Jazz News

April 29, 2014

Branford Marsalis Quartet delivers knockout punch

San Jose Mercury News
Richard Scheinin

SANTA CRUZ -- As the Branford Marsalis Quartet opened its late show Monday at the Kuumbwa Jazz Center, drummer Justin Faulkner jabbed like a boxer. Hook. Uppercut. Jab, jab, jab. The band's music was raw and rumbling, almost violent -- but played with such scarifying control as to convey a sense of elegance, too. It was Muhammad Ali music: float, sting, deliver the knockout punch.

Composed by Joey Calderazzo, the group's pianist, the tune was titled "The Mighty Sword," which tells you all you have to know.

For the next 90 minutes -- it was the second of two sold-out shows, preceding a two-night run in San Francisco -- saxophonist Marsalis and his group engaged a strategy of virtuosity and cockiness, clarity and clout. It covered a lot of territory -- bebop and 1970s Keith Jarrett rubato, as well as a tune associated with Louis Armstrong -- but it kept coming back to the power-punch and to its own brand of blowtorch Coltrane intensity.

Five years ago, Marsalis hired Faulkner -- 18 at the time -- out of a high-school band program in Philadelphia. There aren't a lot of drummers like him on the current scene; he plays with the unrestricted heat of an Elvin Jones and has a massive bottom-heavy sound that's reminiscent of Michael Carvin. But like those older masters, he can ease up and swing with a feathery bounce, as he did on "Steepian Faith," penned by the late Kenny Kirkland, who held the piano chair in the group prior to Calderazzo.

Here, on soprano saxophone, Marsalis played cat-and-mouse, dodging through the rhythm flow. It was a relaxed and cagey solo, with bluesy asides that elicited shouts from the audience, and he alluded here and there to Wayne Shorter. Over the course of the night (I'd also attended the earlier show) he referenced the blues and swing of Paul Gonsalves, the aerated gruffness of Illinois Jacquet, the open roll of Sonny Rollins.

Marsalis has been called a chameleon, but he's really a consolidator, who processes jazz history through this quartet, which has become his voice. (Calderazzo and bassist Eric Revis have been with him for 15-plus years.) He advances the history, too.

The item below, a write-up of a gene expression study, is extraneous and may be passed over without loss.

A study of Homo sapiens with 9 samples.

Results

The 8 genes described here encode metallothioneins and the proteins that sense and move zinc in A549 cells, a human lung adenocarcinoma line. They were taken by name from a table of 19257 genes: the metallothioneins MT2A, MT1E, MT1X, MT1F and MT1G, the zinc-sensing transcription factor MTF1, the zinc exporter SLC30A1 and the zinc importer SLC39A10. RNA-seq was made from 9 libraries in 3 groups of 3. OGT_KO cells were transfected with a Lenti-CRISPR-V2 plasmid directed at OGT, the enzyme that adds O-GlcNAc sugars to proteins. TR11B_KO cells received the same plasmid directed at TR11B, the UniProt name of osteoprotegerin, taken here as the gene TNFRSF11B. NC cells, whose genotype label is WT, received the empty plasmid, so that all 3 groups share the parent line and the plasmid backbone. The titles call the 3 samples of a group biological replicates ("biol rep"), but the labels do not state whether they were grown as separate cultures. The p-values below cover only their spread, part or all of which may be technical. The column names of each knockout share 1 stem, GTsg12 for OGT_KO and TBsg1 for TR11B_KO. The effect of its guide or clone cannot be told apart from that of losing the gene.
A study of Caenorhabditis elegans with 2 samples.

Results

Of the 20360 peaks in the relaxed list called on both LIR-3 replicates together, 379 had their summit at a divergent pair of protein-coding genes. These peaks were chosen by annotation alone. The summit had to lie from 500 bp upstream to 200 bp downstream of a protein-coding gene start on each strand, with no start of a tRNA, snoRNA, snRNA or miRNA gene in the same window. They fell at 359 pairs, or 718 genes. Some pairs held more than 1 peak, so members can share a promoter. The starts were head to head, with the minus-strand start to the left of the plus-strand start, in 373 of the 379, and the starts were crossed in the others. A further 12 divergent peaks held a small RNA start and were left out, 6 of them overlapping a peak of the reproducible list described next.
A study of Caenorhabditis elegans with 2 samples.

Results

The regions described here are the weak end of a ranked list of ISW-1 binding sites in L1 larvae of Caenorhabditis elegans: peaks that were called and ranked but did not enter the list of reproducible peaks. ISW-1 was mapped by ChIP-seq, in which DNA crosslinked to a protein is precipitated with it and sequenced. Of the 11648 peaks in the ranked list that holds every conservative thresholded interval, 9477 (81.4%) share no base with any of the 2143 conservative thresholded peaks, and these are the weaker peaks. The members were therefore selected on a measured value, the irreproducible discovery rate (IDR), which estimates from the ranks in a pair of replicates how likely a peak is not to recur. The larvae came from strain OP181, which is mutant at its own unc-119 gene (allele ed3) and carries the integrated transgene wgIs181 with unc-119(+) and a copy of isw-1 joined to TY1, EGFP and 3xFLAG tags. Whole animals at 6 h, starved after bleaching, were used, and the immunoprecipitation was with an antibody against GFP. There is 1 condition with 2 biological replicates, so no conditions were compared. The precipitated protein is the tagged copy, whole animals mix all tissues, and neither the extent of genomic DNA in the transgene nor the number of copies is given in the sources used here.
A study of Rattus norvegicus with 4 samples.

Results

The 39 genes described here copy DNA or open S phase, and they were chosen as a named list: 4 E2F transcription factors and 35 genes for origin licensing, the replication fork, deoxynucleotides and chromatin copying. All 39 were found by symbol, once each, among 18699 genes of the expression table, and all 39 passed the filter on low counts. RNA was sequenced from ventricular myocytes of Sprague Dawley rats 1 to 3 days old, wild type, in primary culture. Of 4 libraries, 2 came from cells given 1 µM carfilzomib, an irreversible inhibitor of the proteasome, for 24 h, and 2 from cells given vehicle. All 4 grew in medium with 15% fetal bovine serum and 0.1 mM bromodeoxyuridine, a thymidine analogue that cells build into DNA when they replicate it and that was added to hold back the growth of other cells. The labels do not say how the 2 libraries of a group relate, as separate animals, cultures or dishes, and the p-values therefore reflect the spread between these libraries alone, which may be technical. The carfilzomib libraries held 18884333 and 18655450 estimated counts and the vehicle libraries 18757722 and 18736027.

Thelonious Monk's "52nd Street Theme" followed, but it isn't likely that you've heard it played like this.

The group pounced on the familiar theme, shattering it, with Marsalis, on tenor, delivering shards of the melody through a free-jazz maelstrom. Calderazzo's solo -- long, long phrases knotting and unknotting -- found the percussive connection between Bud Powell and Cecil Taylor. Marsalis leaped back in with streams of 32nd notes, then started breaking up the flow, inspecting Monk's tune from various angles before the song finally emerged as we know it -- like bebop, sort of.

It was an exercise in form out of chaos.

The next tune was about form out of silence: "As Summer into Autumn Slips," by Calderazzo, is a wisp of a ballad, pastoral in spirit, lying somewhere between Sir Edward Elgar and, again, Wayne Shorter. Of course, Marsalis didn't let it stay there; he slowly escalated his snake-charmer solo on soprano into a wildfire. Every tune was like this, with a steady transformation of mood and form, volume and density.

Fire and brimstone followed, with Marsalis on tenor, displaying a broad, velvet tone, like late John Coltrane, but bordering on the raucousness of Albert Ayler.

This closing number -- Marsalis didn't announce its title -- was the most bruising yet. The storm abated long enough for Revis to improvise a charmer of a solo, folk-ish and fat-toned (like Jimmy Garrison), unfolding with quiet logic (like Bach) -- and turning throbbing and muscular (like Charles Mingus), thus leading the way for the group's last assault. It was taken at a scary tempo and driven home by Marsalis's sanctified burn.

"Thanks for listening," he said, leaving the stage.

For its encore, the group played "Do You Know What It Means to Miss New Orleans," the tune made famous by Armstrong and Billie Holiday. Marsalis, from New Orleans, played it in the manner of Sonny Rollins, who is from Harlem. Marsalis connected the dots, strolling and rolling and swinging like crazy; over and out.